This year National Park Week begins on Saturday, April 16 and continues through Sunday, April 24. If your plans call for a trip to the world’s first national park, Yellowstone, which is officially 150 years old this year, I have some homework suggestions for you. You won’t be surprised that I’m recommending you read my books on park history. Let me add a little bit to the short descriptions to the right of this post or the longer description under the Book button above.
My latest book, Rediscovering Wonderland, describes the adventures of the trappers and prospectors who were the first Euro-Americans to see the area’s wonders. Their reports of a canyon a thousand feet deep, a lake 20 miles long at the top of the mountains, and boiling pools of water that spouted hundreds of feet into the air were often dismissed as tall tales. Rediscovering focuses on the adventures of the Washburn Expedition that explored the area in 1870. Members of the Expedition were prominent Montana businessmen and government officials whose accounts could not be doubted. They not only persuaded the public that Yellowstone’s wonders were real, but also lobbied the U.S. Congress for creation of the park.
The earliest explorers of the remarkable areas at the headwaters of the Yellowstone and Madison Rivers were men. But the ink on President Ulysses S. Grant’s signature on the document that created the park on March 1, 1872, was barely dry before women began visiting there. Sidesaddles and Geysers is a collection of stories by women who visited the park from the time when it was still a roadless wilderness through the dawn of the 20th Century when tourists sped through the park in comfortable carriages and stay in the most luxurious hotels in America.
Encounters in Yellowstone tells the stories of tourists who tangled with the Nez Perce in 1877 when the U.S. Army chased those Indians through Yellowstone Park. It tells the stories of Emma and George Cowan, a couple that planned to spend the second wedding anniversary in the park. Emma and her brother and sister were captured by the Nez Perce for days and then released in the middle of the park to find their way home. George Crawled for 10 miles trying to find help after the Indians shot him three times and left him for dead.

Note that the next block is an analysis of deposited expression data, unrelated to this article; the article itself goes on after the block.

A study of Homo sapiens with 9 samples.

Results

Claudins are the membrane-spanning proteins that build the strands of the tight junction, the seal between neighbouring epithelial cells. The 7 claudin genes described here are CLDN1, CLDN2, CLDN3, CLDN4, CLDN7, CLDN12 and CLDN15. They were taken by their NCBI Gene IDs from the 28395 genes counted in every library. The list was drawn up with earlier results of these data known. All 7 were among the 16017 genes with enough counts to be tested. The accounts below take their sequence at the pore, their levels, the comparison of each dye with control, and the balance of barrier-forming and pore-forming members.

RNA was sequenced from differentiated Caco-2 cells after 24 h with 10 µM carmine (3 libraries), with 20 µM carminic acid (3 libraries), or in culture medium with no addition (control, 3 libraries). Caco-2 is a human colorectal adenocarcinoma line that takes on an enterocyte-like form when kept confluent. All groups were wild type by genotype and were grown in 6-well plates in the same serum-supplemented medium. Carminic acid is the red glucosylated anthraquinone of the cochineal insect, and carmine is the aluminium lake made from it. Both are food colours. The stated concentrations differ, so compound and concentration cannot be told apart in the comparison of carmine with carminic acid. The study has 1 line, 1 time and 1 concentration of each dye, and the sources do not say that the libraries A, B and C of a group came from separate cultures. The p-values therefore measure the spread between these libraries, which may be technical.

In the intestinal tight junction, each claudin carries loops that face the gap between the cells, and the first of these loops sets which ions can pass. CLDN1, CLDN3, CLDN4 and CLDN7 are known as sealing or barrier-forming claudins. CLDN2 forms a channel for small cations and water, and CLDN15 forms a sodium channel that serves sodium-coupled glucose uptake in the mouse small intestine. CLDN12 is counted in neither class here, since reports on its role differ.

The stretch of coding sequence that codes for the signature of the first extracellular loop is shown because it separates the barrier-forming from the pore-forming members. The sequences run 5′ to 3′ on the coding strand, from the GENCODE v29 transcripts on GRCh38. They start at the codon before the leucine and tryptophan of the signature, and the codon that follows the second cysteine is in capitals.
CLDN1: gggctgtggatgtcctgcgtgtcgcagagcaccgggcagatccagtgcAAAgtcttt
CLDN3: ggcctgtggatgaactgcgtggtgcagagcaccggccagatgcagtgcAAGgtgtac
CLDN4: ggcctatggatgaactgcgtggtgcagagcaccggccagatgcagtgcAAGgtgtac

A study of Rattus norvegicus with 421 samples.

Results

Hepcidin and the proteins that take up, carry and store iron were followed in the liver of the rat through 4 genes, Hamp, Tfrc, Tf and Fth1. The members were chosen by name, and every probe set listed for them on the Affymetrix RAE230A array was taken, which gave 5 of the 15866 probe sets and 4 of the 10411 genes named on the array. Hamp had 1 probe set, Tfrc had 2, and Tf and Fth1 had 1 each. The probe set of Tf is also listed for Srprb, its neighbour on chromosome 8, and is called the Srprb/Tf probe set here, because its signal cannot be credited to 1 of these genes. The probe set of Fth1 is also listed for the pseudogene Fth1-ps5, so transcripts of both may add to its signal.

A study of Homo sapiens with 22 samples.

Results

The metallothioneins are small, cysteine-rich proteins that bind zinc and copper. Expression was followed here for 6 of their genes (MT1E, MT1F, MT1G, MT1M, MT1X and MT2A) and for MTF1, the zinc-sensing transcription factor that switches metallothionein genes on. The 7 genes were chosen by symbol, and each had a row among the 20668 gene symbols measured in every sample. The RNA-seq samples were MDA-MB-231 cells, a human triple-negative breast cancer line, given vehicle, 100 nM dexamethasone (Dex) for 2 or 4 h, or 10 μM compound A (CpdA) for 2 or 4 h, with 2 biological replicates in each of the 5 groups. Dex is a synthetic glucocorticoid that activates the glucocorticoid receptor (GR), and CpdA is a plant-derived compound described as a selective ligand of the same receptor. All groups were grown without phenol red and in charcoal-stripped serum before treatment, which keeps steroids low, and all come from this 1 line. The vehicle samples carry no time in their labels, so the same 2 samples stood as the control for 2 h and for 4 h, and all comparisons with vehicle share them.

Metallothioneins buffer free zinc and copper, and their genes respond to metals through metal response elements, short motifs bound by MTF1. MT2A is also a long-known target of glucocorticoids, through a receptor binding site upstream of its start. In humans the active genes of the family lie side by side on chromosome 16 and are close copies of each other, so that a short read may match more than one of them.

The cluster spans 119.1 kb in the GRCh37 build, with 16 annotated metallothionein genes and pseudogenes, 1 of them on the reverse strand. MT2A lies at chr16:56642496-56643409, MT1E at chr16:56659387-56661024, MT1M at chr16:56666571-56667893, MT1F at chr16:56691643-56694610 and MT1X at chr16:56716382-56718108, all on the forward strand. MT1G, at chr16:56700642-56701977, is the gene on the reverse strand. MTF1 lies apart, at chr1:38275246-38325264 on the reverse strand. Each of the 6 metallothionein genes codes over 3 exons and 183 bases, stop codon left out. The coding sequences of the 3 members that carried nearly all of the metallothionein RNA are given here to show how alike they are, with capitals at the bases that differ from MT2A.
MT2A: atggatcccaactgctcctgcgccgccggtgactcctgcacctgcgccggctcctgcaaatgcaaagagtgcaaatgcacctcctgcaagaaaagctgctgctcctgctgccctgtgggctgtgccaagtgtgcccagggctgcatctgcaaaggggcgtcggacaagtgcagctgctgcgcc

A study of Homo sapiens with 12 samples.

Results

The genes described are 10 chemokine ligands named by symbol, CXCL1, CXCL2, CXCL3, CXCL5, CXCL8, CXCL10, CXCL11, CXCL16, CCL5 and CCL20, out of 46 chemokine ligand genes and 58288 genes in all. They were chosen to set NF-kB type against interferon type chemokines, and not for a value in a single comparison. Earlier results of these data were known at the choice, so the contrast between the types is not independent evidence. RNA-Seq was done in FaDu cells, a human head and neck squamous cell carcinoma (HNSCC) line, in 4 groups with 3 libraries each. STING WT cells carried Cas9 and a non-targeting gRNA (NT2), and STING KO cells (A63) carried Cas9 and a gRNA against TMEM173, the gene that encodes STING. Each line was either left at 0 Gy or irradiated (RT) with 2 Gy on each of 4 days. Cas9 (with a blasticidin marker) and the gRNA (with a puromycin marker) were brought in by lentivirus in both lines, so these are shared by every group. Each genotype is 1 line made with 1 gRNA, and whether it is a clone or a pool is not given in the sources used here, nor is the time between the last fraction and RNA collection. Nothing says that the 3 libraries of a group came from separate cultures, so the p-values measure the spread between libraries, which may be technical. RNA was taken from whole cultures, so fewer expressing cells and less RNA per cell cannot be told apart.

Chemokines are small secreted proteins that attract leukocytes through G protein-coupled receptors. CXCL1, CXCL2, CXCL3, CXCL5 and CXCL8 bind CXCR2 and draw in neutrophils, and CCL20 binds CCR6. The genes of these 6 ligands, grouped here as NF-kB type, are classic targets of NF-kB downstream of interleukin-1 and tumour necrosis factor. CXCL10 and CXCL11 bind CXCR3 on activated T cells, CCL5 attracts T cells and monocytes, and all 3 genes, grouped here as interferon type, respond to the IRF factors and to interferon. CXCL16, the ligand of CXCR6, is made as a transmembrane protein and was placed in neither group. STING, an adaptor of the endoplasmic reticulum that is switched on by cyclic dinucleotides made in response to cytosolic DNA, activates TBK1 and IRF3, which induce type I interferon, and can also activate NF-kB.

My first book, Adventures in Yellowstone, is a collection of a dozen classic stories like the ones you might hear in ranger talks when you visit Yellowstone Park. In addition to Emma Cowan’s account of her adventures mentioned above, you’ll read mountain man Osborne Russell’s descriptions of what he saw in the 1840s and learn about Eleanor Corthell’s trip in 1903 when she left her husband at home and took their seven children tour the park.
When I was signing copies of Adventures in Yellowstone at Old Faithful Inn, people kept asking for a book of campfire stories, that is, tales that could be read in one sitting. I accommodated them by compiling The Stories of Yellowstone, a collection of 72 anecdotes from 500 to 2,000 words long. Stories begins with a tale about John Colter, who is credited with being the first white man to see Yellowstone’s Wonders. It describes Colter’s being stripped naked by a Blackfeet warriors and ordered to run for his life. He escaped and made it to safety. The book ends with L. Louise Elliot’s hilarious story of getting even with an annoying travel companion by letting the air out of her pneumatic camp mattress.
After I finished my collections of Yellowstone travel stories, I discovered I hadl left-over adventures that didn’t stand on their own so I blended them together in a mid-grades novel. The result was Macon’s Perfect Shot, the story of a 14-year-old boy who takes a job assisting an artist who visits the park in the 1870s to earn money for his widowed mother. When Macon and his companion try to rescue a deer from a boiling geyser, the companion falls in. Macon has to grow up fast to figure out how to get is friend home. On the way, he encounters a vicious band of horse thieves and helps the sheriff bring them to justice.
Those are quick sketches of my books on early travel to Yellowstone Park. I guarantee that reading them will make your visit to Yellowstone Park more fun. In fact, I think you’ll find them fun even if you’re not planning a visit.
Ask for them from your favorite bookstore or order them on-line. Links for doing that are provided with the descriptions to the right of this post.
And celebrate National Park Week by visiting your favorite.